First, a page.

Q – We are extremely fond of this site, or at least we were, until we discovered that you are ignoring one of the biggest news stories of the year, the disaster of a cruise on the Norwegian Line that saw a two-week cruise ruined by on-going construction. It seems that you only cover the good news and just don’t print anything that would reflect negatively on the industry. If you are going to be “truthful” you have to cover the truth that might not look good for those who sell and manage these cruises from hell. My husband and I are really interested in why you ignore these really upsetting stories about these ships and the awful experiences so many of their passengers seem to have. It is all over the news – but it is not on “cruisetruth”.
A – Some of the cruise executives who read our site would be surprised to hear that we don’t print negative reviews or commentary. But understand, we are not a news site. We have not previously addressed the NCL Sun situation because this is a Q&A section and you are the first to ask us about it. We are a site totally devoted to providing objective information to the world’s top-ten rated cruise lines. Shocking as it may be, these behemoths sailing with a few thousand guests who expect a luxury experience for under $200 a day, are not even close to being ranked among the top ten – or top fifteen. That would include NCL, Carnival, MSC, and Royal Caribbean. If you want coverage of the issues with those lines you may want to visit cruiselawnews.com, a compendium of problems at sea operated by an attorney who often represents clients in lawsuits against the offending lines. Or, you may want to read the “boards” and the self-appointed “critics” who populate them.
This is not that. We had no clients on the NCL cruise. We do not sell NCL. It is a mass market cruise line and, like all of its multi-thousand passenger bloated sisters, guests are booking at the lowest possible pricing and then being asked to pay for almost everything aboard. The economic model for these low-cost mega-ships is all about getting the unsuspecting to pay significantly more once they are aboard the ship than they paid for the cruise itself.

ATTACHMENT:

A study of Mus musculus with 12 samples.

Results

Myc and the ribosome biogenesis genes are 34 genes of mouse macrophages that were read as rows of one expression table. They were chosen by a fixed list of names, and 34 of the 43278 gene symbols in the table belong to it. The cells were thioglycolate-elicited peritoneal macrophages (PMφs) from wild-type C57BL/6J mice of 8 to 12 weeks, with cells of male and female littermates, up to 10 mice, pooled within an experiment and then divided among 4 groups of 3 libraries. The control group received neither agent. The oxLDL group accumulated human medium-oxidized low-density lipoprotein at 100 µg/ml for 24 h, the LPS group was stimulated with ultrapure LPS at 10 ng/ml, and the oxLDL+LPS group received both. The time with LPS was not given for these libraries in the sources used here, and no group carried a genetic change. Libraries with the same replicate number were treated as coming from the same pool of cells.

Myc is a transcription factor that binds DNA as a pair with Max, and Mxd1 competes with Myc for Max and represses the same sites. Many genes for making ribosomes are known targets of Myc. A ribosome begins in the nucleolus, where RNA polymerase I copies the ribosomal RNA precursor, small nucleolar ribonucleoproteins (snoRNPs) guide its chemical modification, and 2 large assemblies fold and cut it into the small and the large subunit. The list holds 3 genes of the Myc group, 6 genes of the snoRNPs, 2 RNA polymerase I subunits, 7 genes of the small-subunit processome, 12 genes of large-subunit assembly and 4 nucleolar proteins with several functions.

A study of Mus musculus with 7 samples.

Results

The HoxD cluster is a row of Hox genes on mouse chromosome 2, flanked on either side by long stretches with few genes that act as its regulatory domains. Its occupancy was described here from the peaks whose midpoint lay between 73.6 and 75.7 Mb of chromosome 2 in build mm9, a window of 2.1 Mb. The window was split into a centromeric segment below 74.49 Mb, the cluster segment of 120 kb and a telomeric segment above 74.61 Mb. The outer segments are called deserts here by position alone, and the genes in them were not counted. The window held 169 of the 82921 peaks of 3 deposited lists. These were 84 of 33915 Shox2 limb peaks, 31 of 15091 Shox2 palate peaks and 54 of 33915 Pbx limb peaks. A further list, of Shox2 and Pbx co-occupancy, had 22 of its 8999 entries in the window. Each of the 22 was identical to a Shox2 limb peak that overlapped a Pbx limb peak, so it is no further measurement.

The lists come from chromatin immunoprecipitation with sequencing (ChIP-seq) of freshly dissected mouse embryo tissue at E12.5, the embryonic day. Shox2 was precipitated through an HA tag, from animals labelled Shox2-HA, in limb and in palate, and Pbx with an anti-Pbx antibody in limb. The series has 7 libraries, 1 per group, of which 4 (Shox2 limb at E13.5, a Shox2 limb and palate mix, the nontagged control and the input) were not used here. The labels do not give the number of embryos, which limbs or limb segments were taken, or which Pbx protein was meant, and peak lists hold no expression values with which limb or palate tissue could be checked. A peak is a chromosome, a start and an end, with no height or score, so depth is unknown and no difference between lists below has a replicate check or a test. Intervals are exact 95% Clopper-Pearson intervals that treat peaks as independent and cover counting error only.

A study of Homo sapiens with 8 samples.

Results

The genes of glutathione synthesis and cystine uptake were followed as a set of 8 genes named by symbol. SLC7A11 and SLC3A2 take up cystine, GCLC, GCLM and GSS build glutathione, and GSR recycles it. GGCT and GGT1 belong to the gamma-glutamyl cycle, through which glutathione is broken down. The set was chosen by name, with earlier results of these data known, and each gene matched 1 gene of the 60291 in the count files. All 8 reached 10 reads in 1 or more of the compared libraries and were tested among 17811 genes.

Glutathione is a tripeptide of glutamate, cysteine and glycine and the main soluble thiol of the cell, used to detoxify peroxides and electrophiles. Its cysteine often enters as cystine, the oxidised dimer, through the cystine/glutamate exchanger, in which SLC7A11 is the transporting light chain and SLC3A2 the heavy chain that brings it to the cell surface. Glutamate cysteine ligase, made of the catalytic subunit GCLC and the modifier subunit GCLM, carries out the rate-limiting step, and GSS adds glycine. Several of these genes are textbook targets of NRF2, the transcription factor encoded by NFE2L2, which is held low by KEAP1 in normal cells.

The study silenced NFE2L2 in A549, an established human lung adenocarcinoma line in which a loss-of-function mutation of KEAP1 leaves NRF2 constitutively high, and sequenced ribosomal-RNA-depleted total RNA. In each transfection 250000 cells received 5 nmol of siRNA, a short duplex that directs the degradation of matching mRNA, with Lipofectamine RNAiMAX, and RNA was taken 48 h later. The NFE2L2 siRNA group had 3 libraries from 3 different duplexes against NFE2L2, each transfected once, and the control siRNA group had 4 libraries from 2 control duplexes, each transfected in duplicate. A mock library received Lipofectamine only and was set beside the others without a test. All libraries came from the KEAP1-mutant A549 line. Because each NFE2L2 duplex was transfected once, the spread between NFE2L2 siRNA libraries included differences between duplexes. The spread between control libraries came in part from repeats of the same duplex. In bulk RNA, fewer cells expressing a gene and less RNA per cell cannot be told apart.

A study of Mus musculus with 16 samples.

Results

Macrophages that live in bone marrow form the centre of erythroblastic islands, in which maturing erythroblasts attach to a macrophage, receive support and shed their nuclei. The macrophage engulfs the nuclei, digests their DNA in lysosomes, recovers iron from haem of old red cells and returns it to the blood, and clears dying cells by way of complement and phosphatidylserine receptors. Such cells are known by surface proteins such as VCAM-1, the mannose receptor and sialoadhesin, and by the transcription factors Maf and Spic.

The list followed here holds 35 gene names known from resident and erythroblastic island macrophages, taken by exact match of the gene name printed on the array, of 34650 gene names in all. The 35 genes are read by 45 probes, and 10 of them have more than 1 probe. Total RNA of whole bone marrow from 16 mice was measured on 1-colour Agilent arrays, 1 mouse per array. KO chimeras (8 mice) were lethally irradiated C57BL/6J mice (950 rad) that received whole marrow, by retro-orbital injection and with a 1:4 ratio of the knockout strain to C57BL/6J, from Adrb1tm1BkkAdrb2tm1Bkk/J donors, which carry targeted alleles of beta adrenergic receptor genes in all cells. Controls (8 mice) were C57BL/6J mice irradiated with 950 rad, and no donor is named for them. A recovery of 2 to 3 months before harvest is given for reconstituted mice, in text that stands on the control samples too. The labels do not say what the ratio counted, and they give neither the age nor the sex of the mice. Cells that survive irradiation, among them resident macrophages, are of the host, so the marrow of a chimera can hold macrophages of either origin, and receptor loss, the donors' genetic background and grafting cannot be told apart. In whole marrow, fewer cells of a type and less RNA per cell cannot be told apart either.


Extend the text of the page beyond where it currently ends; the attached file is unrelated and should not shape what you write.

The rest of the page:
That said – it seems clear that communication with the agents who booked their clients on this March 16th cruise was either non-existent or totally dishonest. Who was advised that large construction crews would be working from the day the ship sailed out of Miami. Why did no one at NCL imagine that passengers traveling with their children might be furious about construction debris and dust swirling about them for two weeks?
It is easy to say “you get what you pay for.” And some travel industry folks will smirk and quietly say that privately. But that is not at all the case.Once they know what they are getting for their money, NCL guests have been generally happy with their cruise experience. There is no way they could have anticipated the kind of at-sea debacle they experienced. They received a full credit for a future cruise on NCL, meaning NCL did not return any of the revenue they made on this sailing. What should have happened was that top executives should have flown to meet the ship when it arrived in Los Angeles. They should have had full refund checks or cash in their possession to hand out on the pier to guests leaving the ship. They should have also included a gift certificate for a free cruise of the guest’s choosing. That didn’t happen. Now it will be in the courts for years.
It is important to note that NCL also owns both Oceania and Regent Seven Seas Cruises. The publicly-traded company controls 8% of the total cruise market berths.
It is a fact that some of the same folks who once traveled via Greyhound bus are now taking cruises. There are lines that cater to budget travelers. Cuts have to be made in many areas to turn a profit on these ships. It should not surprise anyone that this did not occur on one of the “real” five-star lines such as the ones profiled on this site. There are thousands of web sites that deal with mass market products and treat them as though they are luxury brands. We started cruisetruth to set the record straight. The very best cruise lines generally have the smallest advertising budgets. The public has been grossly misinformed and this “luxury cruise” “construction at sea” incident is just the latest example.